Grinnell College has collected wellness data from students every three years since 2012. The data collection is part of a national effort, the American College Health Association’s National College Health Assessment.
The survey asks dozens of questions about student health and mental health as well as behaviors related to alcohol and other drug use. Grinnell students have consistently surpassed the national average survey participation rate of 21 percent. In 2018, Grinnell students’ participation rate was 51.6 percent.
Jen Jacobsen ’95, assistant dean of students and director of wellness and prevention, shares the aggregate Grinnell results with staff and students across campus to help inform programming. She shares safety data with Campus Safety, sense of belonging data with the Office of Intercultural Affairs, alcohol and other drug use data with the Harm Reduction Committee, and sexual health data with the Sexual Health Information Center, a student-run organization. She also uses it for student training, including peer educators who focus on wellness, student leaders, and students who host overnight prospective students.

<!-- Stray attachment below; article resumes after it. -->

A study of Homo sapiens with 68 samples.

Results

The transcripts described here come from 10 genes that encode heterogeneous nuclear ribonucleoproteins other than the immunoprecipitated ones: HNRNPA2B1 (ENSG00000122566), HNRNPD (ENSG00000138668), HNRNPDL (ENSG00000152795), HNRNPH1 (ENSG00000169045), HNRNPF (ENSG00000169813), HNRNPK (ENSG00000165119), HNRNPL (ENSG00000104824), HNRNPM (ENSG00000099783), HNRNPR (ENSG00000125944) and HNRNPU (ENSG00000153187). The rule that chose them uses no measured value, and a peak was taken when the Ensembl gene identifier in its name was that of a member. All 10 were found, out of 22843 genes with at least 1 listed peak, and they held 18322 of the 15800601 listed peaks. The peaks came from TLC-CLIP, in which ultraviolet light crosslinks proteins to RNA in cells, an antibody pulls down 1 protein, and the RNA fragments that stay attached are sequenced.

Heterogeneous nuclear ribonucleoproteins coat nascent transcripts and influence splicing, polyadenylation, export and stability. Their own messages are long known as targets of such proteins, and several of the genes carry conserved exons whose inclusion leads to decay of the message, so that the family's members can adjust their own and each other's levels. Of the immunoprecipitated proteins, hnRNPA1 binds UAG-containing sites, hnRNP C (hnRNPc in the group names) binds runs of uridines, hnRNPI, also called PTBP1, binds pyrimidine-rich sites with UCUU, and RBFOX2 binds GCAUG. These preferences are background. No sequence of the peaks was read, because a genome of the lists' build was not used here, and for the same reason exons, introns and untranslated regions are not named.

Data even finds its way into pub quizzes. “We find ways to gamify it,” Jacobsen says.
One piece of the student well-being puzzle that Jacobsen finds particularly fascinating is students’ perceptions of the behavior that’s happening around them. Students tend to assume, for example, that more fellow students are drinking, and drinking more, than they actually are.
“The perception of norms is almost always wrong,” Jacobsen says.
Since 2012 the survey data show a positive trend downward, 10 percent, in both the perception and the reality of the number of drinks students are consuming. Even more importantly, fewer students are self-reporting experiencing blackouts or alcohol-related injuries. Additionally, fewer students report having their sleep or studying disrupted by other students’ alcohol use.
Part of the explanation for this change, Jacobsen says, is the messaging that’s been going on about social norms. For example, the term “sober sex” has been used intentionally by the wellness office. In 2015, 51 percent of Grinnell students thought the typical student wanted to be intoxicated for sexual contact, and in 2018, 24 percent think so.
“Perception is getting closer to reality,” Jacobsen says. “Grinnell students are critical thinkers inside the classroom. Discussing norms and their potential misperceptions is a way to extend this critical thinking outside the classroom to their everyday decision-making.”